Using shea butter and cinder blocks, Rashid Johnson reinvents Allan Kaprow's 1970 work Sweet Wall as Shea Wall for the FIAC Hors Les Murs program in Paris on October 21, 2015. Photo by Emilie Pillot. Courtesy the artist and Hauser & Wirth.

Let Rashid Johnson Tell You About Shea Butter Yellow

As part of our recurring Color Code feature, the artist details the particular emotionality of his favorite hue.

by Rashid Johnson; as told to Eileen Cartter
|
Apr 19 2020, 9:36am

Using shea butter and cinder blocks, Rashid Johnson reinvents Allan Kaprow's 1970 work Sweet Wall as Shea Wall for the FIAC Hors Les Murs program in Paris on October 21, 2015. Photo by Emilie Pillot. Courtesy the artist and Hauser & Wirth.

I was born in the ’70s, and when you think of the ’70s, you think about yellows and browns—it’s an interesting palette for that time. Shea butter in particular is a material that has had a big impact on my life, since an early age—from applying it to my body, and my mother’s interest in it.

I started questioning it by the time I was 16, 17, like, “What is this?” It’s a West African material—it comes from a nut called the shea nut. The way that it actually becomes yellow is that it’s combined with palm oil, which brings out that yellow [hue]. I started thinking about its travels and its density and its narrative: going from West Africa, taking the transatlantic journey to the Americas, not dissimilar to the journey that so many African people made.

How the material functions is interesting and complicated: It’s got healing power; it’s also something that people use in cooking and for moisturizing. It’s become really pervasive in the Western world, used in moisturizers and as part of anti-aging.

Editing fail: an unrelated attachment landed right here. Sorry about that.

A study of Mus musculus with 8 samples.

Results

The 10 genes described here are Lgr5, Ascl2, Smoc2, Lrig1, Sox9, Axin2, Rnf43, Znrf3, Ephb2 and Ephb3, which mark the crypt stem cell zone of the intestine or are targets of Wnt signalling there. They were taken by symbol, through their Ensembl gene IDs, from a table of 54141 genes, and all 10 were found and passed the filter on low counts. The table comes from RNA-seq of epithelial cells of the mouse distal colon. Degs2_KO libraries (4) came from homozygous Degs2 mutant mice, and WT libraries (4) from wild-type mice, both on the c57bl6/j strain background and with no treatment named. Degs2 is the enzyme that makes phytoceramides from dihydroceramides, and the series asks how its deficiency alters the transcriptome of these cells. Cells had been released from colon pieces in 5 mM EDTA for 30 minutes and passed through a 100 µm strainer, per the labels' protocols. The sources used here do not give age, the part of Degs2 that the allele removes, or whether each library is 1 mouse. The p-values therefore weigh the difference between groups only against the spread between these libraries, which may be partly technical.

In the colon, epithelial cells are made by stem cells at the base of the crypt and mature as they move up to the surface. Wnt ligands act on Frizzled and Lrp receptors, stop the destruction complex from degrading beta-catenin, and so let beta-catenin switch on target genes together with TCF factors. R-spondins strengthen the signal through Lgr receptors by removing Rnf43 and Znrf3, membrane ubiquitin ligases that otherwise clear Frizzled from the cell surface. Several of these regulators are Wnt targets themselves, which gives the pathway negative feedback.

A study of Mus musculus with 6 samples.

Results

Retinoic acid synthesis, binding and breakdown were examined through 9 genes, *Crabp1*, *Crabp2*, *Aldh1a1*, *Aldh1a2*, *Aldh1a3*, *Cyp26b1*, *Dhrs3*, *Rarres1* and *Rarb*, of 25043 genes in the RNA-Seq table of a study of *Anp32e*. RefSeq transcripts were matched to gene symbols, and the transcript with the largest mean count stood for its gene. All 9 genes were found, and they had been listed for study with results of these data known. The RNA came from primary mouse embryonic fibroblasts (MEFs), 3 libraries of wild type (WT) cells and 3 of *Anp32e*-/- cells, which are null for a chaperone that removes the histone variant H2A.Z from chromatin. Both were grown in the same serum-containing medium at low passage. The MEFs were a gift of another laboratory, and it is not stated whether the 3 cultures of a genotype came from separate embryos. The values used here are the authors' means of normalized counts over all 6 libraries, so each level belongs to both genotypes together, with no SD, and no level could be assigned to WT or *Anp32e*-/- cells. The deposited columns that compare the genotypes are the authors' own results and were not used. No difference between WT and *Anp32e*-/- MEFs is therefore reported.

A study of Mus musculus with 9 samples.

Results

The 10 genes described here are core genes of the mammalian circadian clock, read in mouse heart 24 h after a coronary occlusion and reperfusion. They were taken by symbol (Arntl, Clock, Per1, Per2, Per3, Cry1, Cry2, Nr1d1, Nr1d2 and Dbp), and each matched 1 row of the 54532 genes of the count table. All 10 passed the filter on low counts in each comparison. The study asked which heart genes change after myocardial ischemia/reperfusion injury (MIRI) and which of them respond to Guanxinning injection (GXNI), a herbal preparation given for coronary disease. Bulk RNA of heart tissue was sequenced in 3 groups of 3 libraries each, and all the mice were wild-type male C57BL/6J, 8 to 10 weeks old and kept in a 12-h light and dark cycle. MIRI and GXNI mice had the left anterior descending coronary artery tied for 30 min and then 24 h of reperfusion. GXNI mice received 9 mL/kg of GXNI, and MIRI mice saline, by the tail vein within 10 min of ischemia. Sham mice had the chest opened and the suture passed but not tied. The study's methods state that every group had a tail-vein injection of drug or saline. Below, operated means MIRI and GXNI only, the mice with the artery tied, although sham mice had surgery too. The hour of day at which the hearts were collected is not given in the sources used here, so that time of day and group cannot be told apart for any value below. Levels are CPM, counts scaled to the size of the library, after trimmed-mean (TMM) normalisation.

I’m deeply interested and invested in the fact that there is no expiration date for this material, both conceptually and physically. It’s a material that I’ve thought of as being akin to how another artist, Joseph Beuys, used fat. Some things don’t end, and they’re always applicable and they always have utility.

It’s a spiritual material, and in that sense, the color becomes spiritual. It’s something that is applied to one’s body; it’s something that can speak to healing and spirit and travel. I mean, for me, when you say, “What’s a color that you think is impactful?”—in my life, it’s that yellow.

But, of course, that same yellow could be described as mustard yellow by someone else. It’s a very specific concept to see that yellow and have your instincts tell you that it’s a shea butter yellow. There are many people in the world who would not see it that way. They would see that yellow and describe it differently. It’s an authoring opportunity for me to describe how I see the world in a very specific perspective.